10 Reasons Why Americans Are Unfriending Facebook

Pew research shows that more people are distancing themselves from the platform.

Posted Jan 15, 2019

Okay, so you need your LinkedIn account for work. And Twitter is where all the news happens. The voyeur in you likes Snapchat and Instagram. The craft nut likes Pinterest. But Facebook? Apparently, that’s what a lot of people are asking themselves.

According to a recent Pew Research Center study, 42 percent of American adults report that they have taken a siesta from the platform and not checked their feeds for several weeks. And 26 percent of Americans have deleted the app off their smartphones.

Here are 10 possible reasons underlying Facebook attrition.

  1. Fake news. You can’t trust everything you read online, and fake news is a big distractor. (Fake news is defined as news that’s not verifiable, transparent, and coherent.) Facebook is a colossal disseminator of fake news. In a January 2019 article published in Science Advances, Andrew Guess and colleagues found that Facebook users aged 65 years and older shared seven times as many fake news articles during the 2016 presidential election than did younger users. This finding was pronounced among conservative and very conservative Facebook users, which aligns with the fact that most fake news spread during the 2016 election had a pro-Trump angle. On a related note, some users may be getting tired of reading about politics altogether.

  2. Overload. Facebook sends out lots of notifications, texts, and emails. The collected weight of this solicitation may have finally taken its toll. After all, it can be disconcerting to get a friend suggestion for a person you actually hate. It can also be annoying to get a birthday notification for a person you met once. And random friend requests—who and where do they come from?

    bizoon/123RF
    Source: bizoon/123RF
  3. Feeling blue. Nobody wants to feel bad when they’re on social media. But according to a 2012 study done by Hui-Tzu Grace Chou and Nicholas Edge, it appears that people who spend more time on Facebook looking at pictures and videos posted by others tend to think that their own lives are less happy and joyful by comparison.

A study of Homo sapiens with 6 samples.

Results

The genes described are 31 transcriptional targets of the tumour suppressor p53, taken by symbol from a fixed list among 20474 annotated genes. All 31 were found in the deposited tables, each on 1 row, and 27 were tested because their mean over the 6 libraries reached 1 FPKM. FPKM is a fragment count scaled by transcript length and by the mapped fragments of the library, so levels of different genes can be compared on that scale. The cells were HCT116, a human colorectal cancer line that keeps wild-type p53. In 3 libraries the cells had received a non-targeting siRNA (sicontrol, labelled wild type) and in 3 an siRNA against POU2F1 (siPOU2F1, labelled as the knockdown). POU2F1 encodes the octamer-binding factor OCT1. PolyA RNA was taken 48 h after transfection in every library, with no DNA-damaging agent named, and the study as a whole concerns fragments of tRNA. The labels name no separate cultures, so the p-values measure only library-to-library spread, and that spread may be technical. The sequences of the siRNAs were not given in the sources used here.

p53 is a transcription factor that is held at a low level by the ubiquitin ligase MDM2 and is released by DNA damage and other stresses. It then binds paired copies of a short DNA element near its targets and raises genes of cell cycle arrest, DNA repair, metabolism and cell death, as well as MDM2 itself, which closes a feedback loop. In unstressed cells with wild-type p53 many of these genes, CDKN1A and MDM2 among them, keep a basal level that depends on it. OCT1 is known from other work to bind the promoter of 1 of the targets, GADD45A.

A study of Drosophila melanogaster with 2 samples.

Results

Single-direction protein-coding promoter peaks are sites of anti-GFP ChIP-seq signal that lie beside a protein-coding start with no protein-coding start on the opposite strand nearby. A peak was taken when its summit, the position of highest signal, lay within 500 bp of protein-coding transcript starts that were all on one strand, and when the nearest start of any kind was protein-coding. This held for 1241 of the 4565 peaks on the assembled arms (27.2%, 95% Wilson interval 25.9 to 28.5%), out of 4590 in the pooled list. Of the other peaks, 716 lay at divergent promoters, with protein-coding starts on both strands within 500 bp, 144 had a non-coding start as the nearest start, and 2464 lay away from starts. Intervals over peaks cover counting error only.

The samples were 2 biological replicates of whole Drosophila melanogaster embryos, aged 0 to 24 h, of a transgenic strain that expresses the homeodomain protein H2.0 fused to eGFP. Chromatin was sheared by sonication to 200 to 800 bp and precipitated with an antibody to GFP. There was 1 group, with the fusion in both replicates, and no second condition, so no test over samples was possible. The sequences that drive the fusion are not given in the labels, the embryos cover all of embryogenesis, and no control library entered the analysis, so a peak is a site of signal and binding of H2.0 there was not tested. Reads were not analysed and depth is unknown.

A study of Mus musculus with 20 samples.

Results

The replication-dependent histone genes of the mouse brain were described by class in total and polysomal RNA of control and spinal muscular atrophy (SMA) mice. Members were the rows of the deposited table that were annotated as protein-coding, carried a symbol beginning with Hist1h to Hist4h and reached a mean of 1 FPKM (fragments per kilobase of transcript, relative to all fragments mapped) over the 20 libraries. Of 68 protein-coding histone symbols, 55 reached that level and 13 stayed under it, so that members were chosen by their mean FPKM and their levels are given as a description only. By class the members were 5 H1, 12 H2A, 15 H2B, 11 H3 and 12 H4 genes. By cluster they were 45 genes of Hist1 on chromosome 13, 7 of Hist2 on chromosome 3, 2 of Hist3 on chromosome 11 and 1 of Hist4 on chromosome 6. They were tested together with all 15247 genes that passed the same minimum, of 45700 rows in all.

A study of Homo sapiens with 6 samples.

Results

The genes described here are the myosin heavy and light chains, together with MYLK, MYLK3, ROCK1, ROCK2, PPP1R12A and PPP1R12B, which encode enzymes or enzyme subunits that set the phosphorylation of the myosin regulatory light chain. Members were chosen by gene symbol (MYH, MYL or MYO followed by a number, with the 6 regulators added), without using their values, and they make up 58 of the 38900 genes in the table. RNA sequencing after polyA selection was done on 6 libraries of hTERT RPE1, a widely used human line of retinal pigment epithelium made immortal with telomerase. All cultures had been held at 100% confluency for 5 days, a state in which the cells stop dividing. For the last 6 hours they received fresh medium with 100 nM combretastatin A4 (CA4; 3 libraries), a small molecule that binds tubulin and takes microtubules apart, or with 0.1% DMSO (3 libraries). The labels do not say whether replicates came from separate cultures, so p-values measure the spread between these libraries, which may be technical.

4. Thin content. Lots of the content on Facebook is quite thin. How important is it for you to see your second-cousin’s kid standing in front of a limo before prom? Or another duck-face selfie?

  5. Creepy advertising. Have you ever wondered why Facebook showed you a specific advertisement at a specific time? Did it seem too personal, weird, or creepy? Well, there’s a contingent of users who thinks that Facebook spies on them. If you're interested in learning more, these users had their suspicions put to the test on a November 2, 2017, episode of Reply All

  6. Extra time. The less time for Facebook, the more time for real life activities, including studying, exercising, hobbies, and hanging out with friends in the flesh.

  7. Privacy. Cambridge Analytica grabbed headlines for gathering information on millions of Facebook users and then using this data to help sway the 2016 presidential election in favor of Trump. In turn, Facebook claimed it had been duped in letting Cambridge Analytica advertise on its site. But the damage had been done. Some users lost trust in privacy on Facebook.

  8. Relationship killer. In a 2015 study, Ron Hammond and Hui-Tzu Grace Chou found that time spent on Facebook is negatively correlated with satisfaction in the quality of intimate relationships. In other words, people who used Facebook more were less happy with their love lives.

    Maksym Yemelyanov / 123RF
    Source: Maksym Yemelyanov / 123RF
  9. Losing appeal to millennials. Facebook is a social media platform for everyone. All users are welcome, including grandparents, parents, uncles, aunts, and teachers. If a young person shares something personal on Facebook, there’s a good chance that it will be seen by a parent, other relative, or authority figure. Instead, younger people turn to other social media apps like Snapchat or Instagram to share privately; these apps are less likely to be used by adults who they know.

  10. Living vicariously. Some users have complained that they spend way too much time on Facebook living vicariously through the posts of others. Instead of living other peoples’ lives, these users may have disengaged from Facebook to live their own.